A House special election has attracted hundreds of thousands of dollars in spending, a big-name outsider candidate and unusually heated political attacks in a state known for its relatively subdued politics.
But as voters in Utah’s 3rd Congressional District headed to the polls Tuesday to start choosing a successor to retired Republican Jason Chaffetz, the race had garnered only a fraction of the national scrutiny given to other contests this year.
That’s largely because the seat is of limited utility as a bellwether for President Trump. Unlike other House races decided this year, Democrats are not seriously contesting the heavily GOP district, and unlike in Tuesday’s Senate primary in Alabama, the Republican candidates’ postures toward Trump have not been a crucial factor.
Instead, Tuesday’s GOP primary in Utah is set to be decided along more familiar lines of ideology and sensibility in a state whose Republican voters have long had an uneasy relationship with Trump.
“The short answer is, President Trump has not been much of a factor in this race,” said Jason Perry, director of the Hinckley Institute of Politics at the University of Utah. “The answer from these candidates that has been resonating with Utahns is ‘We hold everyone accountable,’ and that is the extent of the influence of the Trump administration so far on this race.”
The front-runner for the Republican nomination, according to published polls, is Provo Mayor John Curtis, who has built a pro-business record during 6½ years in office and has attracted support from the party establishment in and around the growing high-tech center south of Salt Lake City.
But despite declaring himself “the most conservative mayor that the state’s ever had” in an interview with the Salt Lake Tribune, Curtis’s bona fides have been sharply challenged by former state representative Chris Herrod and businessman Tanner Ainge — both of whom have sought to outflank Curtis from the right and have gained on Curtis in recent polls.
Herrod, who won his place on the ballot at a convention of party activists, has emerged as the candidate most openly supportive of Trump — though he has also won the endorsements of Trump’s former presidential primary rivals, Sens. Ted Cruz (R-Tex.) and Rand Paul (R-Ky.).
One radio spot praised Herrod and then took aim at Curtis’s appearance: “He’s perfectly posed. Shirt carefully untucked. Slick. But his record doesn’t look nearly as good.”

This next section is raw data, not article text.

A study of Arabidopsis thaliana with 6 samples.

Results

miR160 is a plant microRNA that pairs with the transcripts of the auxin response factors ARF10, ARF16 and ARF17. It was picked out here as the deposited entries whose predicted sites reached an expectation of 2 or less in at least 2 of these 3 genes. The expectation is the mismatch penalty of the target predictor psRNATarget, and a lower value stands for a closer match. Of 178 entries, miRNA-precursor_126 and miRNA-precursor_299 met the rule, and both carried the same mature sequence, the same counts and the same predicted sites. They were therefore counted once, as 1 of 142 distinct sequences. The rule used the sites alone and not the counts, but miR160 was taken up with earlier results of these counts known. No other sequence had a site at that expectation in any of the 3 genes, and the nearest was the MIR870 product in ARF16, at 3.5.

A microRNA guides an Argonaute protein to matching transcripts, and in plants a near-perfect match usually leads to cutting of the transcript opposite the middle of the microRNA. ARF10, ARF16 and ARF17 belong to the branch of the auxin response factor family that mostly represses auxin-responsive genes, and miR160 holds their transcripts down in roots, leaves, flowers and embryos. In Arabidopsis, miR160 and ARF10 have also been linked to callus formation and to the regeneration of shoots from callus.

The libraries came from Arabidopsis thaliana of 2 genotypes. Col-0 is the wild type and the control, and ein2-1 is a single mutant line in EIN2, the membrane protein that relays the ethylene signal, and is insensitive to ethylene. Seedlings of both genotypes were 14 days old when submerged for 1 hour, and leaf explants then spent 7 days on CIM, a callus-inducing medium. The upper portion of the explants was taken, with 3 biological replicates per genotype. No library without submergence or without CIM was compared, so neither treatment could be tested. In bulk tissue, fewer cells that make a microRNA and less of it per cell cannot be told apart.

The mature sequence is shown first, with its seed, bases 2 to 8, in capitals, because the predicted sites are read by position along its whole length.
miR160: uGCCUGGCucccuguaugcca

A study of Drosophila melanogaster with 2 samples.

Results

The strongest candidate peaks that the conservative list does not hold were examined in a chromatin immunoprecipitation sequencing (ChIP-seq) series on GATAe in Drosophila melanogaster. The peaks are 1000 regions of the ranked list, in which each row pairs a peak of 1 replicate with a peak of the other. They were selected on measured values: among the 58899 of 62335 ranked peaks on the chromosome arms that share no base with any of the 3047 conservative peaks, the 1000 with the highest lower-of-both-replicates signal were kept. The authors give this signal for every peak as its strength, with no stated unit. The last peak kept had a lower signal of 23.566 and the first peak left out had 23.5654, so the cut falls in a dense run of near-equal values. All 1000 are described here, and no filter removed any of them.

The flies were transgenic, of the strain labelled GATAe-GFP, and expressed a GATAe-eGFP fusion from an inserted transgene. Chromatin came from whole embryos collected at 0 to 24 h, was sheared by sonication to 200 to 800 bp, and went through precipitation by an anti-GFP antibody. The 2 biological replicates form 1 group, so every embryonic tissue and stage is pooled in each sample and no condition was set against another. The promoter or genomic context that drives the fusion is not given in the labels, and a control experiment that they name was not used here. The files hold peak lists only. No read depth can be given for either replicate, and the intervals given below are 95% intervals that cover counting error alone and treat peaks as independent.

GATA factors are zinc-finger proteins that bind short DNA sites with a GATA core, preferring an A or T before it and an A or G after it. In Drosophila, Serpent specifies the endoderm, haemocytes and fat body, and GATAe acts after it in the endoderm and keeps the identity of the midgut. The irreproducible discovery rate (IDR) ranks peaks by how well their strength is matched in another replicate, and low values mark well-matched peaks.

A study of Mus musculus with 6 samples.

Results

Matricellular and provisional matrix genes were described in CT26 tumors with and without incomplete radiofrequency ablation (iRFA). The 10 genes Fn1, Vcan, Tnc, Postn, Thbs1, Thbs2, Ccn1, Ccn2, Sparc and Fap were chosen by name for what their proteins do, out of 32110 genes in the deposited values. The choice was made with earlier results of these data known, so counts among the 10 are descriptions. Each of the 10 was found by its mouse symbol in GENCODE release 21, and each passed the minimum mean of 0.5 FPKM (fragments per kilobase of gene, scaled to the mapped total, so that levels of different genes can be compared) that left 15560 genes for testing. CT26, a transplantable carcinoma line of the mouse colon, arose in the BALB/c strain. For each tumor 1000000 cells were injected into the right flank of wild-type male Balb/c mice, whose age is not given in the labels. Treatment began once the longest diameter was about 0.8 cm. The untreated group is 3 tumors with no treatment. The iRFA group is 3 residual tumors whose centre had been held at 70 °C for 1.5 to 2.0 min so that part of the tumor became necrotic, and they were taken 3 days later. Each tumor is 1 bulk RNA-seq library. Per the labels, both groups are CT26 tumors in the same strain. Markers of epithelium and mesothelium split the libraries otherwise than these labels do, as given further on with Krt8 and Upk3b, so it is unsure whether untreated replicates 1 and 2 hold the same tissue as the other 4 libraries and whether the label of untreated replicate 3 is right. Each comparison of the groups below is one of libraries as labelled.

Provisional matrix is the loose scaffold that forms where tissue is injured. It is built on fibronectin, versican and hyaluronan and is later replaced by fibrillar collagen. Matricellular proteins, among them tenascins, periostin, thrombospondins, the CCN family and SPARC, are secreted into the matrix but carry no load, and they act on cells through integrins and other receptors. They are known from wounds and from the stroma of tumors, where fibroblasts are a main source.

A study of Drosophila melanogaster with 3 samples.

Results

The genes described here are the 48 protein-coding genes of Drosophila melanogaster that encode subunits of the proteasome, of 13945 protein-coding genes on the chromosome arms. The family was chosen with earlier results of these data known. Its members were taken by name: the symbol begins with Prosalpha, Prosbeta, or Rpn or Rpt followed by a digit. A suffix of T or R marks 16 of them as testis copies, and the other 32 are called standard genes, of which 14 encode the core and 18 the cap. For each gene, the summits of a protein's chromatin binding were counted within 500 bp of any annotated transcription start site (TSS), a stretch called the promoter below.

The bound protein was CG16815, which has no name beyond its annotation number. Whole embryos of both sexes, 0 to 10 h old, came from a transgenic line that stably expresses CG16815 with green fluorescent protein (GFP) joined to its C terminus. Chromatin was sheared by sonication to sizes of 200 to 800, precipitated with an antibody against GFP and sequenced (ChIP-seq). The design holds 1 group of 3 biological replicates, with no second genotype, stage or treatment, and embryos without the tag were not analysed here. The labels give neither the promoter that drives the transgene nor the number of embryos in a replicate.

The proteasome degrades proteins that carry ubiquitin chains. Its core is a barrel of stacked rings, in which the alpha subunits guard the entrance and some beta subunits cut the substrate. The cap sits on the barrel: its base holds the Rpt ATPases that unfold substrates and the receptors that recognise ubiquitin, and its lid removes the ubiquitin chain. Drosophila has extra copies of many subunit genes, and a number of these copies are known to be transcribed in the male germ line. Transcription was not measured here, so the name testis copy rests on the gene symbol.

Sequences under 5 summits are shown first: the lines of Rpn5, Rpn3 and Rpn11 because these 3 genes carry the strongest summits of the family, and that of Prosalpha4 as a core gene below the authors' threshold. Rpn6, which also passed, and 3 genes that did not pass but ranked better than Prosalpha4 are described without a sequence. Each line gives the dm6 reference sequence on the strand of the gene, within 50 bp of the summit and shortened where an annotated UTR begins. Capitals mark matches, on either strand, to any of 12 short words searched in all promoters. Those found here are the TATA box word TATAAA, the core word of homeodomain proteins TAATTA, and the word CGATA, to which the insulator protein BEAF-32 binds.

Ainge is the son of Danny Ainge, a household name in the Beehive State because of his basketball stardom at Brigham Young University and long careers as an NBA player and executive. The 33-year-old is making his first run for public office with the help of a super PAC, Conservative Utah, that received the bulk of its $290,000 war chest from his mother, Michelle Toolson Ainge.
Both Herrod and Ainge, as well as their super PAC allies, have taken special aim at what they consider Curtis’s most egregious political sin: His past registration as a Democrat, made ahead of an unsuccessful challenge to a sitting Republican state legislator in 2000. Curtis later switched back to the GOP before another run in 2007; his mayoral post is nonpartisan.
Like Ainge, Curtis won his spot on the primary ballot by collecting voter signatures, bypassing a party convention dominated by conservative activists. He has won the endorsement of Utah’s popular Republican Gov. Gary R. Herbert and has sought to brush off the super PAC attacks.
In a recent YouTube clip called “#DONTDCMYUTAH,” Curtis called the mailers sent attacking him “junk in every sense of the word” and demonstrated other uses for them — shooting at them in target practice, stepping on them as floor mats and suggesting they can be shredded and used as garden mulch: “Made with real crap but without the smell.”
Chaffetz, who gave up his post as House Oversight and Government Reform Committee chairman when he retired in June and now serves as a Fox News Channel commentator, has not made an endorsement in the race for his successor.
The winner of Tuesday’s GOP primary will face Democratic nominee Kathie Allen, a physician selected at a party convention, as well as Jim Bennett, the son of the late GOP senator Robert F. Bennett who is among several third-party candidates running in the Nov. 7 general election.
According to the nonpartisan Cook Political Report, Republicans enjoy a 25-point advantage in the district, putting it among the top 20 most GOP-leaning seats in the country. While Allen has raised nearly a half-million dollars after challenging Chaffetz earlier this year, national Democrats have shown no sign of getting involved in the race.
“This is one of the more reliably red districts in the country, and there are other great candidates out there, but the winner of the race tomorrow is going to be very well positioned for the general elections,” Perry said.